Bulldogs, Bears and Ivy League basketball will all be on display Saturday night at the John J. Lee Amphitheater.

When the Elis (4-9) open conference play against Brown (7-7), it will be the 134th meeting between these two teams, with Yale holding an 89-44 advantage. But Brown has won six of the last seven meetings, including back-to-back victories last season in the first two weeks of Ivy League competition. In the preseason Ivy League poll, the Bulldogs were picked to finish third behind Princeton and the University of Pennsylvania, while Brown was ranked fourth.

Head coach James Jones has led the Elis to conference records of .500 or better in each of the last four seasons, finishing 7-7 last year. He says he intends to keep that streak going.

“The first game is always important,” Jones said. “It’s important to get off to a good start. That said, anything can still happen [even if we do lose]. It’s still a 14-game tournament.”

The Bulldogs enter Saturday’s game coming off a disappointing home loss to Saint Peter’s, 79-68, in which opposing guard Keydren Clark, the third-leading scorer in the country, dropped 28 points on the Elis. This weekend, the Elis will face Brown guard Jason Forte, who Jones said is the only player comparable to Clark in the Ivy League.

Forte is the reigning Ivy League Player of the Year and leads all Ivy League players in scoring (17.4 points per game) and is second in assists (4.67 per game). Forward Dexter Upshaw ’06 said that on the court, all of the Eli players will have to keep an eye on Forte.

“When Brown comes down the court in transition, we’re going to have to find [Forte],” Upshaw said. “Everyone is going to have to help in terms of stopping him. He wants to go straight to the basket. What we’ve got to do is force him east and west rather than let him go north and south.”

The Elis will answer with some firepower of their own. Senior guard Edwin Draughan ’05 leads the Yale squad in scoring (15.4 points per game) and needs only 13 points to become just the 12th player in school history to reach 1,200 career points. Complementing Draughan in the back court is captain Alex Gamboa ’05, who is averaging 11.6 points per game. Rounding out the Elis’ top three scoring threats is 6-foot-10-inch center Dominick Martin ’06, who is third in the Ivy League in scoring (15.3 points per game) and second in rebounding (8.0 rebounds per game).

The other Eli starters, forwards Casey Hughes ’07 and Sam Kaplan ’07, are both new to the every-game starting role this season and both have been averaging a solid nine points per game.

Brown head coach Glen Miller said his team has its work cut out for it against the Elis.

“It’s going to be a very difficult task for us to come down to Yale and get a win,” Miller said. “You’ve got to get the most out of every possession, both offensively and defensively. It’ll be a big challenge stopping Martin inside and Gamboa, Draughan and Hughes on the outside. I think the team that can make the most defensive stops is going to get the win.”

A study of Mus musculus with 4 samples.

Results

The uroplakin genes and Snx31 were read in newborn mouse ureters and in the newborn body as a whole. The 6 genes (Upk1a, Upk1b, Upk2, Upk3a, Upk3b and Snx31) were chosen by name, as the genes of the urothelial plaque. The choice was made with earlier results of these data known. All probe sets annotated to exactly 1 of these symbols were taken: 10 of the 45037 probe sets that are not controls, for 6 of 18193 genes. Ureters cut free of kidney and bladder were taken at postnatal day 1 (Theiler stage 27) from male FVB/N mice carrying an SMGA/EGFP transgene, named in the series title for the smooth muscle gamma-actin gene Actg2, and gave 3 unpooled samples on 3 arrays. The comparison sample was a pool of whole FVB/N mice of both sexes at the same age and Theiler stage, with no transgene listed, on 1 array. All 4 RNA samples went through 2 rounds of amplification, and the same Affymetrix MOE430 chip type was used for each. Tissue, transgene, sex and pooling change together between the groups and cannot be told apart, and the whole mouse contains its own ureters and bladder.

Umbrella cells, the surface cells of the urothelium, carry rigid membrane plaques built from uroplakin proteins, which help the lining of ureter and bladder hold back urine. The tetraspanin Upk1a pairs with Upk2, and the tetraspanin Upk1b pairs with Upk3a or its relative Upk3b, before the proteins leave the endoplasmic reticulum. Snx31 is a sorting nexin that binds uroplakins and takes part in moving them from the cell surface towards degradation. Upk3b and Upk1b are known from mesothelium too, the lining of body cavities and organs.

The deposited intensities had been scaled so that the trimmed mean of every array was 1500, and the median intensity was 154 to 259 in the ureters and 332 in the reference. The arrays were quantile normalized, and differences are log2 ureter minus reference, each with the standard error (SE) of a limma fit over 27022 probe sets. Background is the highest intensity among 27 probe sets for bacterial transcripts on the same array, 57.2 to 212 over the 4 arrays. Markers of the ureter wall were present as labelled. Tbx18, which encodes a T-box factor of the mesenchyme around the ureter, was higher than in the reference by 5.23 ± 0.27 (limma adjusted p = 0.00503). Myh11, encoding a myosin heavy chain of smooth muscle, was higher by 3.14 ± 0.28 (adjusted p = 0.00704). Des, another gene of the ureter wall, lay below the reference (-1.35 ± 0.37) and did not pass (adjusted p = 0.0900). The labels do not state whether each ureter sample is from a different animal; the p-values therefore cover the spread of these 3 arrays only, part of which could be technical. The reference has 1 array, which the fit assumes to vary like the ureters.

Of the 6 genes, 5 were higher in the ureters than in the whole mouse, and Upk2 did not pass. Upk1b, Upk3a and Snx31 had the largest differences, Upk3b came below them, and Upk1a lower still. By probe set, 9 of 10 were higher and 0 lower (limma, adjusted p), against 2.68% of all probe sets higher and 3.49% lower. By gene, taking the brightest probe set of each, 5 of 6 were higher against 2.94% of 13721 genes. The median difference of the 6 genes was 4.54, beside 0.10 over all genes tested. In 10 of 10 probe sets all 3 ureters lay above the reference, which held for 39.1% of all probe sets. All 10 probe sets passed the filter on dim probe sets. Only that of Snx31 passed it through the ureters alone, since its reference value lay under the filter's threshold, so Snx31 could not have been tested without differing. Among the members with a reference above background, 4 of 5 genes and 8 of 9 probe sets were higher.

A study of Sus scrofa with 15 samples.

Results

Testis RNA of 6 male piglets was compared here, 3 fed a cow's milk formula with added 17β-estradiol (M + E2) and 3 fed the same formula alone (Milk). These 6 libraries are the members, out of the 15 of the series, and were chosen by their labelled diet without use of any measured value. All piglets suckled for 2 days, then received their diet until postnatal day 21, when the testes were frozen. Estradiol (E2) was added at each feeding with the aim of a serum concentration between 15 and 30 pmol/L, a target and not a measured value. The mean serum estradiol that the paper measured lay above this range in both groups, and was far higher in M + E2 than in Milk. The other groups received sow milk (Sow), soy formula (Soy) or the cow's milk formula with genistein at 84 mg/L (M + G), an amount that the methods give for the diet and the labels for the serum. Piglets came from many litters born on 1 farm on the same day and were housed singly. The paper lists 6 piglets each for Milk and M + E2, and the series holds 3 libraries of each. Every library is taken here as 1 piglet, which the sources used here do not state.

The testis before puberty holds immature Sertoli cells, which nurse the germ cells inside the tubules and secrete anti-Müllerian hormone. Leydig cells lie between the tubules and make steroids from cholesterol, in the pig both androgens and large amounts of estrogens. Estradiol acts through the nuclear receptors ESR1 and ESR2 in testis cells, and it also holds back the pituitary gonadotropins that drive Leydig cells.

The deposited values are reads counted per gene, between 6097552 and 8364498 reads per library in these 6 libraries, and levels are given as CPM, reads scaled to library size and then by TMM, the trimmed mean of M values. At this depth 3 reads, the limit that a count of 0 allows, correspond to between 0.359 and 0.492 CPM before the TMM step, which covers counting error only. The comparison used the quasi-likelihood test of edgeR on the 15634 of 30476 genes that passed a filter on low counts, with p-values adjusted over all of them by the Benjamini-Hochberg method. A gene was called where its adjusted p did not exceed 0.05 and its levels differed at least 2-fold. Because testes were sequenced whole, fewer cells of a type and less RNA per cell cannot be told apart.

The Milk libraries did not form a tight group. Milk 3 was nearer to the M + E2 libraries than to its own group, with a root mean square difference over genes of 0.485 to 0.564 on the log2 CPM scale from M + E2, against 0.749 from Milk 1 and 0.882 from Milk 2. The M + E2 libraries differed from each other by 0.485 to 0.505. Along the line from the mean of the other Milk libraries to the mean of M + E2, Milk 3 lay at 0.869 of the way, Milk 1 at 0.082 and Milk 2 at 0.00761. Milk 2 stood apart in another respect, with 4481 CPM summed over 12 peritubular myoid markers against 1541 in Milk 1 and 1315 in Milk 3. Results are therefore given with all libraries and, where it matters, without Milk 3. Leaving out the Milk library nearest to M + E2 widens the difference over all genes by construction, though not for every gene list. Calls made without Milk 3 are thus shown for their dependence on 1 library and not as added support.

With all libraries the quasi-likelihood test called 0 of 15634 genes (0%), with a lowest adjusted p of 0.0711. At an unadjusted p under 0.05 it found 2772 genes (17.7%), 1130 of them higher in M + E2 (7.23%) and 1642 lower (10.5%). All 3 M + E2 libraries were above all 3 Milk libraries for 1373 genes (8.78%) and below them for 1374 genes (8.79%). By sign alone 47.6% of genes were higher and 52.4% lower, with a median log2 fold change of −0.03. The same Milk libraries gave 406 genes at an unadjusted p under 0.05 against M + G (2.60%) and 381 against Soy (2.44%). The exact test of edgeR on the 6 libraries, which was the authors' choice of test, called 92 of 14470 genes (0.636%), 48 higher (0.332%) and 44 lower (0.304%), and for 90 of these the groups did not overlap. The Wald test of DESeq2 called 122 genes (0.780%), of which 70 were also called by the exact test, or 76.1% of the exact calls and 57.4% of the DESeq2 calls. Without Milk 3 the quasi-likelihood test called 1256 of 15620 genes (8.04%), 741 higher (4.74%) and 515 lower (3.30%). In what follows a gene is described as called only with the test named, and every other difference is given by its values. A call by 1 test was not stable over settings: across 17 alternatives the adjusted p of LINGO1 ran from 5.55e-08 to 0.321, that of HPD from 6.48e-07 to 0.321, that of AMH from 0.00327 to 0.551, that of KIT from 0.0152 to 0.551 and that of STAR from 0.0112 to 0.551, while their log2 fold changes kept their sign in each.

In last season’s first match-up, the Ivy opener, defensive stops were precisely what the Bulldogs lacked in the waning minutes of the game. The Elis led by six points with 13 minutes remaining, but by the end of regulation the two teams were knotted up, 63-63. The Elis scored the first basket in overtime, but the Bears responded with a 10-0 run to put the game out of reach. The Bulldogs fell 85-75. Forte led both teams with 26 points on the night.

The two teams met again one week later in Providence, R.I. The Bears again came out on top, this time more decisively, as Forte’s 22-point performance led Brown to a 77-65 victory.

Both teams’ starting five look different from last year’s. The Elis lost five seniors and two starters in the off-season. Kaplan and Hughes filled the void. The Bears lost three players to graduation and play a very young team.

“We’re just far less experienced [than last season],” Miller said. “We have one senior, one junior, four sophomores and nine freshmen. I would guess it’s one of the youngest teams in the country.”

But the Bears’ seven non-conference victories this season marks just the third time in school history that the team has won seven or more non-league games in a season. The Elis, meanwhile, struggled against very challenging non-conference opponents — a fact Miller recognizes.

“I have a lot of respect for Yale,” Miller said. “I think they have a talented team. They played an extremely difficult schedule, and they fared well. They have a nice rotation and good experience — and good balance.”

In preparing for Brown, the Elis had to practice Monday and Tuesday without Gamboa, who was out due to illness. But Upshaw said there was a lot of energy in practice Wednesday and Thursday, and that the Elis will be ready. They have to be, Upshaw said.

“This is the first game, and it sets the tone,” Upshaw said. “If we can come out with good energy and start the game off right and start the season with a statement, it will give us momentum on the road four games from now. The worst thing you can do is dig yourself a hole and try to play catch-up for the whole season.”